How Food and Exercise Can Decrease Your Breast Cancer Risk

What you eat and drink, as well as how much you move, may change your chances of getting breast cancer

This article originally appeared in the Tufts Health & Nutrition Letter, published each month by the Friedman School of Nutrition Science and Policy. To get more expert guidance on healthy cooking, eating, and living, subscribe here.

In honor of Breast Cancer Awareness Month, we researched the latest information on diet and other lifestyle activities and breast cancer risk. 

Breast Cancer 101. Breast cancer is the second most common cancer in women (after skin cancer). It is also the second leading cause of cancer death (after lung cancer). While the vast majority of cases occur in women, men can develop breast cancer as well. 

There are different types of breast cancer (ductal or lobular, invasive or non-invasive). About two thirds of breast cancers have cells that grow in response to hormones. These are called estrogen-receptor positive or progesterone-receptor positive. 

While there is a recognized genetic component to some types of breast cancer, there is no way to determine what causes each individual case. Lifestyle choices that have been ruled out as risk factors for breast cancer include use of antiperspirants and wearing underwire bras. Let’s take a closer look at lifestyle factors research shows are associated with higher or lower risk.

Dietary Factors. What you choose to eat and drink may have the potential to impact your breast cancer risk (as well as your overall health).

Alcohol: Alcohol use increases risk for estrogen receptor-positive breast cancer. According to the American Cancer Society, women who have one alcoholic drink a day have a seven to 10 percent higher lifetime risk of developing breast cancer than women who don’t drink, and those who have two to three drinks a day have about a 20 percent higher risk.

Overall Dietary Pattern: Dietary patterns that are higher in plant foods and lower in animal products and refined carbohydrates than the typical Western diet are associated with lower risk of multiple types of cancer. Such a dietary pattern includes a variety of unprocessed and minimally processed foods such as fruits, vegetables, legumes, whole grains, and nonfat or fat free dairy products and limits red and processed meats, sugar-sweetened beverages, refined grain products, and other highly processed foods.

Veggies: Research suggests dietary patterns that include plenty of non-starchy vegetables and/or vegetables rich in carotenoids (like tomatoes, carrots, and other red, orange, and yellow options) are associated with lower risk of estrogen receptor-negative breast cancer. 

Fat-Free and Low-Fat Dairy: There is limited evidence that diets higher in dairy products are associated with lower risk. For general health, fat-free and low-fat dairy are preferred.

Soy foods: Soy contains a compound that is chemically similar to human estrogen. At one time, it was theorized consuming soy could increase risk for estrogen-receptor positive breast cancer, but research has not supported this theory. “The research conducted in humans has been very consistent,” says Fang Fang Zhang, a cancer epidemiologist and a professor at the Friedman School. “There is no evidence to suggest consuming soy increases a women’s risk of developing breast cancer. Additionally, although there are few studies that look at soy consumption after diagnosis, no evidence suggests consuming soy would do any harm for women with breast cancer. Women should feel safe consuming soy foods!”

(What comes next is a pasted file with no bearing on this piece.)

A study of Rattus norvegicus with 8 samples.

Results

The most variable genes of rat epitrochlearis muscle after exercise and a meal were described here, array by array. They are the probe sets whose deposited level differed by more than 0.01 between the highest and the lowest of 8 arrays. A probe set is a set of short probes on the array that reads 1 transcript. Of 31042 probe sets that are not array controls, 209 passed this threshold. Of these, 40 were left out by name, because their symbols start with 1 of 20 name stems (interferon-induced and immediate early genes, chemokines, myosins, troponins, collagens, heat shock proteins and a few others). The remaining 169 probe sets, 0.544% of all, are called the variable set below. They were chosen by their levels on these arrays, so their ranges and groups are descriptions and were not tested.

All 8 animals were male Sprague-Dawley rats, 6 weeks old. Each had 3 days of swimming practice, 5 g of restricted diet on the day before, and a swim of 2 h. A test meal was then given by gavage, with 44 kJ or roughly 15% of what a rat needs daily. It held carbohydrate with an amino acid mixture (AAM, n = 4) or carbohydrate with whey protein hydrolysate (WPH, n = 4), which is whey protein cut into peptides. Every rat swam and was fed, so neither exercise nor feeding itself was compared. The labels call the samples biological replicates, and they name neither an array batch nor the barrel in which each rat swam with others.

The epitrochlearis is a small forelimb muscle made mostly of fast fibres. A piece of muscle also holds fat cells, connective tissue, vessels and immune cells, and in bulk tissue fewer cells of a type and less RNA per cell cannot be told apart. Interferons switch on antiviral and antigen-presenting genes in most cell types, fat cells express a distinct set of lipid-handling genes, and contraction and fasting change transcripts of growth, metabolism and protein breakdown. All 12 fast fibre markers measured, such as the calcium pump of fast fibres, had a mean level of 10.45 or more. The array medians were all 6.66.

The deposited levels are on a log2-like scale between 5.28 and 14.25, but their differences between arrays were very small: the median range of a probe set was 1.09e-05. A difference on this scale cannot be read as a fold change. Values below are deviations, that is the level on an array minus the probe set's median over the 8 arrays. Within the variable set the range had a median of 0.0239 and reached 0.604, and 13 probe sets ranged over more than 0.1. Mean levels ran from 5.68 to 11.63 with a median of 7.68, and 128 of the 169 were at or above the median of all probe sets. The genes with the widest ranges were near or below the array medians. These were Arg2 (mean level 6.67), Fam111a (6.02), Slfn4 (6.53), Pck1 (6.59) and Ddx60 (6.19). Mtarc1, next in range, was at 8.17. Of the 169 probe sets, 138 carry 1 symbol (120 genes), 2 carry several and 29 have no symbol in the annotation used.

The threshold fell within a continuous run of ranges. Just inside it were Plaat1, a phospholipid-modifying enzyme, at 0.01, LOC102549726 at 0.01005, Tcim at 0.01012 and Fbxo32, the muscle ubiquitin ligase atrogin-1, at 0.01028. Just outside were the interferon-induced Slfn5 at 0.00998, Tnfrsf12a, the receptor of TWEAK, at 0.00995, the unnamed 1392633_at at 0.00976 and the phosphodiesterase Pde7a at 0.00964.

Zhang cautions that studies have focused on whole or minimally processed soy foods, like mature soybeans, edamame, tofu, tempeh, and soymilk, and cannot be generalized to soy powders and other soy or isoflavone supplements or to foods with added soy protein isolates. “There is no evidence at this time that these would have the same protective effect,” she explains.

Beyond Diet. Some additional lifestyle factors are important to mention in a discussion of breast cancer risk reduction. especially physical activity and weight. 

Physical activity: Being physically active on a regular basis is associated with lower breast cancer risk, especially in women post menopause. This may be due to the physical activity itself or an overall healthy lifestyle. It is not known if there is an ideal level of activity. The general physical activity recommendation is 150 to 300 minutes of moderate intensity or 75 to 150 minutes of vigorous intensity activity each week (or a combination of these), but studies suggest every little bit counts.

Weight maintenance: Being overweight or obese after menopause is associated with higher breast cancer risk, especially estrogen- or progesterone-receptor positive breast cancer, and particularly if that weight was gained in adulthood.

Losing even small amounts of weight can help reduce risk. In an analysis that pooled data on nearly 181,000 women aged 50 and over for approximately 10 years, women who lost as little as 2 kilograms (4.4 pounds) of excess body fat and kept it off had a lower risk of being diagnosed with breast cancer during the study period than those whose weight remained relatively stable. Losing nine or more kilograms (20 pounds) and gaining some (but not all) of it back was also associated with a lower risk of breast cancer. 

There is no guaranteed means of preventing breast cancer. However, lifestyle choices that benefit your overall health—including consuming a healthy dietary pattern and being physically active—may lower your breast cancer risk.